This article has been published in Enabling Education Review 1
Publisher: EENET
Date: 2012,

Striving for better teaching. EENET Interview: Peter Mwanyalo, Kenya

Enabling disabled people to become teachers can help to challenge negative attitudes in schools and society. Peter Mwanyalo is blind and has changed career from musician to teacher in Kenya. In this interview, Peter talks about his determination to be a better teacher than those who taught him at school.

Why do you want to become a teacher?
People have always told me that because of the way I explain things, I should become a teacher. Even before I started my training, people said I already seemed like a teacher. I certainly felt that I could teach better than the teachers I knew!

In 2007 I attended an EENET seminar in Nairobi about information sharing and inclusive education – this was a new and enjoyable learning experience for me. From then on I decided to develop a career in teaching. I want to improve the quality of education offered to children in my home area, and in the country as a whole.

What training are you doing and where?
I am training to be a primary school teacher at Mosoriot Teachers Training College in Kenya. I will teach languages, music, social studies and religious education. It is a two-year course and I’ll finish in July 2012.

What did you do before this training?
I have come to teaching quite late in life. I previously worked as a musician and I ran a café. I have also led groups of people in different activities in my village, and I am a peer counsellor on health issues. My life experiences mean I am confident in dealing with all kinds of people – young and old – which will be useful for teaching children and building good relationships with their parents.

What do you think of the training?
As a blind trainee, I use Braille, but we lack Braille reading materials and sometimes there is a shortage of Braille paper. There is also a lack of mathematical equipment which makes it impossible for visually impaired students to be examined in this subject. There are no qualified lecturers in special education, and only one knows Braille, so there can be challenges when it comes to transcribing and marking exams. I am trying hard in computer training too, so that I can teach using Jaws software and data projectors. My main interest is to read as widely as possible and to learn teaching skills. I also participate in goal ball and athletics.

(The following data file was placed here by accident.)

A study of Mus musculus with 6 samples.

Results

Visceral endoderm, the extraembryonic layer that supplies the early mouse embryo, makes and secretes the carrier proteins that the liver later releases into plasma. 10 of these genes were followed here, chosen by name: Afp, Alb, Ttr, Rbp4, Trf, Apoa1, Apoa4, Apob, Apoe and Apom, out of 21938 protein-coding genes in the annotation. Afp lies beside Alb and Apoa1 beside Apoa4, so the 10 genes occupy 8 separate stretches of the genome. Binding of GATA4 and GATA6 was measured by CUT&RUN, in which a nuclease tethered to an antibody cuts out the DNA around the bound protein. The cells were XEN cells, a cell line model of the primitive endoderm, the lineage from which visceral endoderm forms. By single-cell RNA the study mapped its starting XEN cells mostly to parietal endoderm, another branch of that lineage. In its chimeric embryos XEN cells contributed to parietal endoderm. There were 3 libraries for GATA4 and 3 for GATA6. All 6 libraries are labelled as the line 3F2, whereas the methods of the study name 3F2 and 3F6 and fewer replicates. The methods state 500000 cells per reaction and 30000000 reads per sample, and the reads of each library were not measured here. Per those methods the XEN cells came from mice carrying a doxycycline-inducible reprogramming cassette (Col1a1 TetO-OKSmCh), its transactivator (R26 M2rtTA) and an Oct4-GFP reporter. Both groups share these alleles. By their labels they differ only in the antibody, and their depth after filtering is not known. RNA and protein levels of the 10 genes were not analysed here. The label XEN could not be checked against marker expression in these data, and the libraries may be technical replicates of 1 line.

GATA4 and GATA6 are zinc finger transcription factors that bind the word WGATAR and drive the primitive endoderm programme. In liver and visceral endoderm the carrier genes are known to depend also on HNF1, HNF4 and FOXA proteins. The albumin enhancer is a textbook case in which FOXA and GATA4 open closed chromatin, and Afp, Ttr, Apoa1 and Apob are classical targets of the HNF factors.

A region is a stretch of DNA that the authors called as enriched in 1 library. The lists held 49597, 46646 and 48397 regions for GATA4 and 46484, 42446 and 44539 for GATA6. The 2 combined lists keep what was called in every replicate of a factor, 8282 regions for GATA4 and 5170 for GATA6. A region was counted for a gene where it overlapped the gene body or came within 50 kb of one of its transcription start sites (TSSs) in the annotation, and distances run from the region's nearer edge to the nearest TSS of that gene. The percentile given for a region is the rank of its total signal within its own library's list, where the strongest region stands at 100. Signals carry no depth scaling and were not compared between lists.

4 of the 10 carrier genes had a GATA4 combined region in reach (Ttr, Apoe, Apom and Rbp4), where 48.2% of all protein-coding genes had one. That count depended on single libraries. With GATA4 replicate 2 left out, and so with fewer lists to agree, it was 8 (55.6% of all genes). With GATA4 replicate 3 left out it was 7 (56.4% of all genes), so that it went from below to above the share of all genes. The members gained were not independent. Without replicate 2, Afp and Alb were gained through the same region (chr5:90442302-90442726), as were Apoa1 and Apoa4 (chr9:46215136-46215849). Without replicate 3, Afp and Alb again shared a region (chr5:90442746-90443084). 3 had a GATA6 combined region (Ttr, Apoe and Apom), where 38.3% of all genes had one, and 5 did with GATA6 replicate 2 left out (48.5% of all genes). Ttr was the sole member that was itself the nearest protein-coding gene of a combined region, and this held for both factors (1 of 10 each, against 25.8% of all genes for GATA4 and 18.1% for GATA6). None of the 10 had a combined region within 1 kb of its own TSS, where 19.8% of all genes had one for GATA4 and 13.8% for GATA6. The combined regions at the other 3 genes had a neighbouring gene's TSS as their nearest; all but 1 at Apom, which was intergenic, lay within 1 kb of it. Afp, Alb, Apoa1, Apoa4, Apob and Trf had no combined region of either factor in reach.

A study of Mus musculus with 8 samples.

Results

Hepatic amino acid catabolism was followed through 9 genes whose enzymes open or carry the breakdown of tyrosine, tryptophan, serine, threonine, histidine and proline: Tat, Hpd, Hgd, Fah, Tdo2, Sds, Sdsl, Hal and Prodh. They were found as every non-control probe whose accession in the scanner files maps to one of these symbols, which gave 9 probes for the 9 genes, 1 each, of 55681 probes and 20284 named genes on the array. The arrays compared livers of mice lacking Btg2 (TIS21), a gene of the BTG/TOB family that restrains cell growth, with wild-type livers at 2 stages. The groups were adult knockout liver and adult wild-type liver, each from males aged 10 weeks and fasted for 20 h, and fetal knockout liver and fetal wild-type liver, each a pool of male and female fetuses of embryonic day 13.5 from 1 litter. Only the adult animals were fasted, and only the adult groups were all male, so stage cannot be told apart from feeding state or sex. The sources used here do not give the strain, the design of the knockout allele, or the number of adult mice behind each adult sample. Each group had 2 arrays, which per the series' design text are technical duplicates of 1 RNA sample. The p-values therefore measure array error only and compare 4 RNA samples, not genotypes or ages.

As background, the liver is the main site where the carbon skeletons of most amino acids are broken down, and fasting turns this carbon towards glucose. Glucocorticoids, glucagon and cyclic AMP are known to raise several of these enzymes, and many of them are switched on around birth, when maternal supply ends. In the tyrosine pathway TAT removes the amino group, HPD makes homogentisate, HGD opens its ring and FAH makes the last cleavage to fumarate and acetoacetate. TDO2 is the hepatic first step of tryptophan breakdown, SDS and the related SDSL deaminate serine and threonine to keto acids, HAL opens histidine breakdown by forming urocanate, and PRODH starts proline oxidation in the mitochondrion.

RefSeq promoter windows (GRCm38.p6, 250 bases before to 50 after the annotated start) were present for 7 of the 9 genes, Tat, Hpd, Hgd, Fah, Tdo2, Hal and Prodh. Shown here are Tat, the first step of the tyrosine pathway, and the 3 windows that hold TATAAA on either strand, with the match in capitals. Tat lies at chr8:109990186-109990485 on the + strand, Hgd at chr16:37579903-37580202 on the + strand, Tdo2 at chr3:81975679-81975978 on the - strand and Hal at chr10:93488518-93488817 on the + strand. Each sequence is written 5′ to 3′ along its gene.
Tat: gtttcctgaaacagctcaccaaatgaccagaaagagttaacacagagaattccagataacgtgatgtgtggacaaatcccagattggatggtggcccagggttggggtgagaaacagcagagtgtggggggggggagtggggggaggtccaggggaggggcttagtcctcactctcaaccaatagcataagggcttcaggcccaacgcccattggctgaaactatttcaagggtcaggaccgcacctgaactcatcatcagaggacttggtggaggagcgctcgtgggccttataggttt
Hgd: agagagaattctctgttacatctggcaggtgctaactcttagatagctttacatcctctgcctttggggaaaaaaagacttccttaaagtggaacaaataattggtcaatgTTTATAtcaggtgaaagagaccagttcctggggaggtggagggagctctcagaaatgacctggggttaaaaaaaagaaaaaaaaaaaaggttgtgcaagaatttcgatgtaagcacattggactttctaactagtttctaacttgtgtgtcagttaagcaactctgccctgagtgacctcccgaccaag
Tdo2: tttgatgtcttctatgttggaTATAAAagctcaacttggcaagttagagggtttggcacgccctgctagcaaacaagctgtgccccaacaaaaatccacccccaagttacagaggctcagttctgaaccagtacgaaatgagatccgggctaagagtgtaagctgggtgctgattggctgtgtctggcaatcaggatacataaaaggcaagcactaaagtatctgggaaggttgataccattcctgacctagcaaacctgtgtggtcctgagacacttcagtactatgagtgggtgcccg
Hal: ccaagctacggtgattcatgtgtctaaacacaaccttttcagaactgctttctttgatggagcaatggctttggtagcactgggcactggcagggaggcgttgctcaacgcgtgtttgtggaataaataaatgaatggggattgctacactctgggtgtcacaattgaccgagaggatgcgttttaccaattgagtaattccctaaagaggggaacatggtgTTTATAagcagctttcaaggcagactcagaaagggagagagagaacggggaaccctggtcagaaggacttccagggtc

How do you get along with the other trainees?
They have been very supportive, and have gradually improved as they have given more thought to their interaction with me. Some find it normal to be studying alongside a blind trainee, because they have been taught by teachers who are visually or physically impaired in their schools back home.

What will you do when the training is complete?
I intend to teach in regular schools in my community – I’m not going to teach in a special school just because I am blind. During our teaching practice we are given sighted assistants who help prepare charts, write and draw on the chalkboard, and assist with marking. When a visually impaired teacher is employed, the government pays for assistants. I am still interested in special education issues, and would eventually like to do the special education training course, and get a university degree.

What was your own education like?
I attended a special school for blind children. It was a long way from home, so I only saw my family during the holidays. I definitely want to be a better teacher than my teachers were. In my life experiences, and at the teacher training college, I have acquired skills for teaching that I feel my teachers either didn’t know about or chose to ignore when they were teaching me. I can do better!

Peter can be contacted through EENET.